Search for content, post, videos

Meet the Parents

Introducing your new partner to your family is a big event in the life of a relationship for many reasons. First and foremost, it’s symbolic. You’re showing your new love that you care about them a great deal.

If you’re bringing a new person in your life to the family table, you may be wondering in the back of your mind how people are going to react to your new significant other. You may even worry how their judgments of your date might reflect on you.

It may sound shallow, but it’s not. Each of us know on some fundamental level that the input of close friends and family is important to us, and that’s why it can be so upsetting to have the disapproval of our chosen mate by those closest to us. If your close friends and family disapprove of your relationship, don’t fret. Keep a cool head and keep these three things in mind:

1. The Truth is Always Better than Anything Less than the Truth
Even in the face of negative judgments about your chosen partner or yourself, it’s in your best interest to invite all types of feedback, both good and bad. So, be objective! While involved in a relationship that may be less than perfect, we’re often afraid to admit the negatives that actually may be true. But each unique person’s perspective on your situation usually carries some truth in it, and therefore, everyone’s thoughts are important for you to know.

If you find that some of the statements about your date are true, it doesn’t mean you need to make an immediate decision to break it off with your partner or to distance yourself from your family or friends. Instead, take some time to think about how the less positive qualities in your partner may impact your life and your expectations that you have about the kind of relationship you want.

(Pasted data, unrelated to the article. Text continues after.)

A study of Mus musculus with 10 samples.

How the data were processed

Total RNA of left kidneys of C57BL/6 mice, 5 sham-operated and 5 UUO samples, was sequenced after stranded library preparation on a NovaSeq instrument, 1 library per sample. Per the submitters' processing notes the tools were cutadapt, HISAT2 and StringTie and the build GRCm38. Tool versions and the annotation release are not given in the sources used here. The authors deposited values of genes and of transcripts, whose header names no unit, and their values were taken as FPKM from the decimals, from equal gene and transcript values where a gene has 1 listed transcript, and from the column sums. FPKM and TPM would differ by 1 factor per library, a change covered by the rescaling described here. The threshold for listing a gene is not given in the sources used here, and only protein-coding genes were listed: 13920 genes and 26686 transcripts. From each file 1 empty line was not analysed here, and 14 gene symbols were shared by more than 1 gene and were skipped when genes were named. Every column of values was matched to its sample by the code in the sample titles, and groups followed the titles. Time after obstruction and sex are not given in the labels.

Also keep in mind that those people who initially disapprove of your date may actually change their minds should your relationship with your date bloom into something more serious. Then again, they might not. What matters, though, is the truth, and more importantly, how you handle the truth.

2. Being able to handle the truth empowers you to make good decisions
When someone important to you doesn’t like the person you are dating, it creates self-doubt that can make you second-guess who you are and what you’re doing. It may even create friction between you and the person expressing the negative judgment. No one likes to hear negative input, but if someone’s comments trigger a large amount of self-doubt, you may want to look deep within and ask yourself if you know clearly enough whether your romantic relationship is a solid one and whether you have the skills and knowledge necessary to know what a good, long-term potential relationship even looks like.

If you think you’re with the wrong person, you just might be. But before you make any rash decisions, make sure you weigh multiple perspectives to help balance the confused emotions you may be experiencing.

3. Good decision-making comes from weighing multiple sources of input
Gathering information and assessing it objectively before acting on it is what good decision-making is all about. So, while it’s important to look at how you’re feeling, it’s also equally important not to discount the input from our closest friends and family. Ask yourself honestly how you feel, and then balance it against others’ input. The question you want to know the answer to—and without reservation—is: “Am I making a good decision by being with this person?”

Ultimately, you have the final power of decision-making about who you choose to be with in your life. Taking into account all sources of input will help keep your decision-making skills sharp and your decisions sound. The better decisions you make for yourself, the happier you will be, and the happier you are, the more you can share it with someone who’s really perfect for you—and that’s truly something to be thankful about.